Kyle hated the disinfectant they used to clean the capsules. The nose wrinkling hint of long dead lilies tugged at his awareness. Being on the edge of a sneeze was distracting and itchy. He rubbed at his nose. Took off his glasses and scratched from the bridge to the end. Great, now in addition to the floral reek filling his nostrils, his face hurt too. Also, he still needed to sneeze. He stretched his long, stork like legs. Pressed with his feet on the far end of the pod. If he pushed hard enough it would lose pressure, explode, scattering his atoms across the next five parsecs. It had happened before, at least that’s what he’d heard.
Leaving home was upsetting. The familiar curves and arches, hidey holes and cargo bays. He loved the station. When he’d been small he’d followed the comforting shape of his mother, tugging at her skirts, demanding hugs in the imperious voice only a small child can hope to effect without consequences. Later, there had been tutors. A long procession of stern faced young diplomats pressed into service by his mother. He’d heard them, they thought they were so sneaky, whispering about being stuck babysitting Proconsul Nicolette’s brat.
Always up for a challenge he had taken an aggressive stance on his homework. That is to say, he’d stopped doing it. His keepers would frown and tut and insist that if he wanted to grow up and be in government like his mother it was imperative that he apply his nose to the grindstone, or put a shoulder to the wheel and a number of other manual labor metaphors that meant nothing in a an age where machines performed those functions.
He stopped showing up all together, hovering just out of sight of his quarters, listening, watching, waiting with patience for their looks of consternation and dismay. They did not disappoint. Their expressions were troubled, rattled even. The Proconsul was a strict mistress. She had expectations. He knew he should be working, he should be making her proud, but wiping the smug looks off his tutor’s faces was the most fun he’d had since he’d hidden under the buffet table, gorging himself on cake and canapes at the station commander’s wedding. The music had been fast and jangling and, he had bounced under his hiding place until his eyes fluttered shut, his fingers sticky with white and yellow frosting.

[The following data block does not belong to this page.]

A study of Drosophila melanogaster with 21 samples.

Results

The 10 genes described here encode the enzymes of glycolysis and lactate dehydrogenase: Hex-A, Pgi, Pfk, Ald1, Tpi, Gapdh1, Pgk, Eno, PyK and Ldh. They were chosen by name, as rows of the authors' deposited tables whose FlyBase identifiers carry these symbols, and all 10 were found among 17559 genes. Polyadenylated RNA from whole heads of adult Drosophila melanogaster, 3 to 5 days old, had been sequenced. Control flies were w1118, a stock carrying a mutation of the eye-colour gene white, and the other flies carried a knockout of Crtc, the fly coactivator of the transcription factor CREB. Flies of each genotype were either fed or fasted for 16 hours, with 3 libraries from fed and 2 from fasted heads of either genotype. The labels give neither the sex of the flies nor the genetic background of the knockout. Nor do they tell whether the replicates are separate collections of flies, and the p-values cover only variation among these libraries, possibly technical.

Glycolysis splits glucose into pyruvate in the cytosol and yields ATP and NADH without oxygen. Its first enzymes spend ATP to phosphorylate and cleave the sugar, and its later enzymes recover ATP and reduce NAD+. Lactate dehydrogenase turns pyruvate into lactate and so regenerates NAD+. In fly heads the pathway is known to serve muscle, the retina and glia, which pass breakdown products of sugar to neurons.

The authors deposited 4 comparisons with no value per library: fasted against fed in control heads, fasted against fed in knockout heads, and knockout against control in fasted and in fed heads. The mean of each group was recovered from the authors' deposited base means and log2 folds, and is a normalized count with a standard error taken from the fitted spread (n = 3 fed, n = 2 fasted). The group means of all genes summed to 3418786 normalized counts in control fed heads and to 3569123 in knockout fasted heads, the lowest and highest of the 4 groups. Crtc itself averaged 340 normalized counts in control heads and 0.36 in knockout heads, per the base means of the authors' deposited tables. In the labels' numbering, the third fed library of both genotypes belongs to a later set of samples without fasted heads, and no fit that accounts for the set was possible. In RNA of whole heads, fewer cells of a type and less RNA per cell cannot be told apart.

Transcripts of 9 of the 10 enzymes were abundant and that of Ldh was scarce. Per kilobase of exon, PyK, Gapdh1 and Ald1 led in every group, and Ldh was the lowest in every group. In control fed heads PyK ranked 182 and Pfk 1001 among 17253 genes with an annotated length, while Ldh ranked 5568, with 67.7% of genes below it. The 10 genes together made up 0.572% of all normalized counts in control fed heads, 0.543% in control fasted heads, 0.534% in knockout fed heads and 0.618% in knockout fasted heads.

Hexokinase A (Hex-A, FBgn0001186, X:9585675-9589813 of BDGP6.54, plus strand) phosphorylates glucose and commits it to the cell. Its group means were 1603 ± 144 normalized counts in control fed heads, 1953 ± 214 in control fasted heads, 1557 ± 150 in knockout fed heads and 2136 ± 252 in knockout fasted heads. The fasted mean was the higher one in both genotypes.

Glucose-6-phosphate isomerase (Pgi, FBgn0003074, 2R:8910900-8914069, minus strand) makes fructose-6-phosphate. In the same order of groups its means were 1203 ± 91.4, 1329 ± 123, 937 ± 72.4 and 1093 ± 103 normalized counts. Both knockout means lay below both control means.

When you were older, that was not acceptable. It was, grow up, be a man, attend to your studies, listen to your tutors. Boring things to prepare him for a boring life. He was too old to hide under tables, and eat cake until he burst. Tall enough that he would knock his stupid head on the underside of any table the was foolish enough to hide beneath. You really couldn’t go back to being a child, no matter how much you wanted to. At some point, growing up stopped being optional.
That’s what had brought him here. The encroaching plod toward adult status. Taryn Academy would chew him up and spit out a polished, studious, dutiful man. Someone who never played under tables or danced to alien music. They would grind out his fun, his delight at the torment of his teachers. The deep joy felt when the airlock opened, the vaccuum of space pulling at his hair. He’d had to grip the arch tight, force his eyes open, try to count as many stars as he could before it shut him back tight in the confined spaces that became definitions. If he allowed it, he was certain they would steal his joy from him. He nestled his glasses on the bridge of his nose, stretched his legs once more and pondered expulsion level mischief.